Smart factories have the potential to spark labour productivity
Each industrial revolution has transformed production, delivered better economic output, and, consequently, immense economic gains globally. But something has shifted in the past two decades—manufacturing productivity growth appears stuck.
Labour productivity is a major metric of economic output, and gains in productivity are important because, on a macro scale, labour productivity determines the standard of living of people, nations, and the world.
Currently economic output is moving in lockstep with the number of hours people work.
Enter the Fourth Industrial Revolution—the newest chapter in industrial development that promises to ignite stalled labour productivity in manufacturing via connected machines, people, data, and value chains.
In that sense, the smart factory could potentially ignite stalled labour productivity and unlock the key to productivity for manufacturers.
- Every manufacturer—whether already “running smart” or yet to invest in smart factory technologies—can harvest business value from smart factory initiatives.
- Smart factory initiatives accelerate business value creation. Companies report as much as 10–12 percent gains in areas like manufacturing output, factory utilisation, and labour productivity after they invested in smart factory initiatives.
- There is a direct and established connection—primarily through investment and use cases—between smart factory initiatives and the business value realised. What’s more, any manufacturer can use this connection.
- While there are risks, primarily operational and financial, they are outnumbered by the smart factory’s value contribution. Also, most risks can be mitigated through rational stakeholder selection, an efficient change management strategy, measurable proof-of-concepts, and incremental investments.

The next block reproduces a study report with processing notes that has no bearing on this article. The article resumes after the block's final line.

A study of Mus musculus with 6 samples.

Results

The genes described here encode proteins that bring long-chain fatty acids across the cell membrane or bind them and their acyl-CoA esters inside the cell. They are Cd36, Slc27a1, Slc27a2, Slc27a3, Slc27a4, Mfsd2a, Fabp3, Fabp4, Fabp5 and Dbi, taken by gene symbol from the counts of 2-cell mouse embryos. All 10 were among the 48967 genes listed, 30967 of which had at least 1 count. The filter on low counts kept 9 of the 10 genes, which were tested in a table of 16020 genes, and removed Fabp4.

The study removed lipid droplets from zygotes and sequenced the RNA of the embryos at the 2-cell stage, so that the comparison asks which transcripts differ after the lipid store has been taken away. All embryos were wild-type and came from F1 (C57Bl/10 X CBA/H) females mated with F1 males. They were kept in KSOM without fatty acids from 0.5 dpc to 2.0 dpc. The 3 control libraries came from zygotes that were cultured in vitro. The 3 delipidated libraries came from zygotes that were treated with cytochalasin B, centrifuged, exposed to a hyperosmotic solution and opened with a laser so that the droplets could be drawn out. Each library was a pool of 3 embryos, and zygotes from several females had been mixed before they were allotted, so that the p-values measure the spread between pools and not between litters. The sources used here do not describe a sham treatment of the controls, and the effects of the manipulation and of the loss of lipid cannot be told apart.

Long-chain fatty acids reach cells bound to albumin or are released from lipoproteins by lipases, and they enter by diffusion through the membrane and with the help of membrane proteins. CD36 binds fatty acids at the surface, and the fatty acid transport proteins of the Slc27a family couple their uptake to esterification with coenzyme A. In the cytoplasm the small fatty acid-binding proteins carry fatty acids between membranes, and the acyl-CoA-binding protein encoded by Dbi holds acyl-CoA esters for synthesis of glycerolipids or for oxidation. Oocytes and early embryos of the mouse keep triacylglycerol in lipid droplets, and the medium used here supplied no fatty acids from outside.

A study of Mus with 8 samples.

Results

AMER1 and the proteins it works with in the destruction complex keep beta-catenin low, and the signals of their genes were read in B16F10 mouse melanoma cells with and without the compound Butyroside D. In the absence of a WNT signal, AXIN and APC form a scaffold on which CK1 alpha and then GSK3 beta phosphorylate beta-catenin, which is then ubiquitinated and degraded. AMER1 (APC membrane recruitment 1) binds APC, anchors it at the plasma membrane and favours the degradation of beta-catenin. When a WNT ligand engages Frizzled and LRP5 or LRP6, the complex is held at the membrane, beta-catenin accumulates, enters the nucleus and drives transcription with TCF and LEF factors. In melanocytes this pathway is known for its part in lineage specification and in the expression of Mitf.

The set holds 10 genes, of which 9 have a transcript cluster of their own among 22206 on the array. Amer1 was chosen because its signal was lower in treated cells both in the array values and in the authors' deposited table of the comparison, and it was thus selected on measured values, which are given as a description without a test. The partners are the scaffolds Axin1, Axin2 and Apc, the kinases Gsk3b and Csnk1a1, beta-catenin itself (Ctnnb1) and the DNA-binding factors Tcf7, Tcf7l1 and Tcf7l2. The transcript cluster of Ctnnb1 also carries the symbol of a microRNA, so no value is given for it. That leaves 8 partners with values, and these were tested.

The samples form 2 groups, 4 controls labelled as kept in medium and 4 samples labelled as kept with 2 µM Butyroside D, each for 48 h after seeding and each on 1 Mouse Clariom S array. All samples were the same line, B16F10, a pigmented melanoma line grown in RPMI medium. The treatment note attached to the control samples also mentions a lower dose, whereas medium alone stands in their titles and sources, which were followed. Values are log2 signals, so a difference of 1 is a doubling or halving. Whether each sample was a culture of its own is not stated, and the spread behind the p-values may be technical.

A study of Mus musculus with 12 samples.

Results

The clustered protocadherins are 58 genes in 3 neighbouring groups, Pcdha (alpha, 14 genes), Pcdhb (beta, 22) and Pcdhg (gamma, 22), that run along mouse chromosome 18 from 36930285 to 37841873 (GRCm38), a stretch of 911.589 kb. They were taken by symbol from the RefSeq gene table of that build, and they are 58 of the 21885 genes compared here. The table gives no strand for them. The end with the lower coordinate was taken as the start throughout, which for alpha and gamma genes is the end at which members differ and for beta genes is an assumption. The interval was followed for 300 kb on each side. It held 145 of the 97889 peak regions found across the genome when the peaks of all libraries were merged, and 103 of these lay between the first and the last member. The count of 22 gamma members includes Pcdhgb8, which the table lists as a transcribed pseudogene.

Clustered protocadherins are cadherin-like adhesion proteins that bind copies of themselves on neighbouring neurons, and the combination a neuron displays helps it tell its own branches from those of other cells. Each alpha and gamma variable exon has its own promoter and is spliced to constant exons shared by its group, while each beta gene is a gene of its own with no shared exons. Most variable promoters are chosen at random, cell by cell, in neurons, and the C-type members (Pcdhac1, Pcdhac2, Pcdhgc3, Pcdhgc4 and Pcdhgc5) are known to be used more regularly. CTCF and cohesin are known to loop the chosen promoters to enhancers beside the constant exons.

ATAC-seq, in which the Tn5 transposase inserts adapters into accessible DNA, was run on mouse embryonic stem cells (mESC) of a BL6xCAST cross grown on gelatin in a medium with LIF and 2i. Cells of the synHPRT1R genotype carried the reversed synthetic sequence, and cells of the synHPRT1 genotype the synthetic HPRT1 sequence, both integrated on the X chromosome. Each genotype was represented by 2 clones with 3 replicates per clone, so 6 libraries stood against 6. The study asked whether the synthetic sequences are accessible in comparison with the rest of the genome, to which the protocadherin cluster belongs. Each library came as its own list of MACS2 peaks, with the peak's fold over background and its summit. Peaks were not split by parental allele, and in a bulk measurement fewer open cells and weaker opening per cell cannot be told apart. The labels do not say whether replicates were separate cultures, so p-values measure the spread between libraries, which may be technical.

Early smart factory adopters report average three-year gains of 10 percent for factory output, factory capacity utilisation, and labour productivity.
A closer look at labour productivity trends indicates that smart factory initiatives will likely enable the US manufacturers to “observe” triple the labour productivity growth rate during the next decade (2019–2030) compared to last decade (2007–2018).
What does this mean for manufacturers?
The promise of improved labour productivity is certainly enticing for manufacturing, as the industry sits in the midst of a labour shortage that is on the brink of becoming a drag on productivity.
Technology can spur new levels of productivity throughout the factory as companies combine technologies (such as vision systems, harmonic sensors and cobots with cognitive computing, machine learning, and autonomous capabilities). Each industrial revolution has seen this curve.
Significant labour productivity gains manifest toward the end of the cycle, reflecting the cumulative impact of reaching a critical mass of technology adoption.
Trailblazers lead the way
There are three distinct cohorts of adopters of smart factory initiatives – Trailblazers, Explorers, and Followers.
Each cohort represents a different approach toward smart factory adoption. Where activity, maturity, and outcomes are concerned, Trailblazers are leading the way. In fact, this group has seen twice the level of gains to labour productivity compared with Explorers and Followers combined.
Furthermore, Trailblazers expect increases in labour productivity to continue to accelerate ahead of the average over the next three years. Clearly, Trailblazers have determined the formula for extracting value through investments in smart factory initiatives.
Whether manufacturers are just starting on their smart factory journey or well along the pathway like Trailblazers, there’s no doubt that smart factory initiatives could have a significant impact on manufacturing productivity.
Naturally, there are caveats. There is also a need to launch these initiatives properly to set a team up for success. When and how smart factory use cases are launched can determine their success.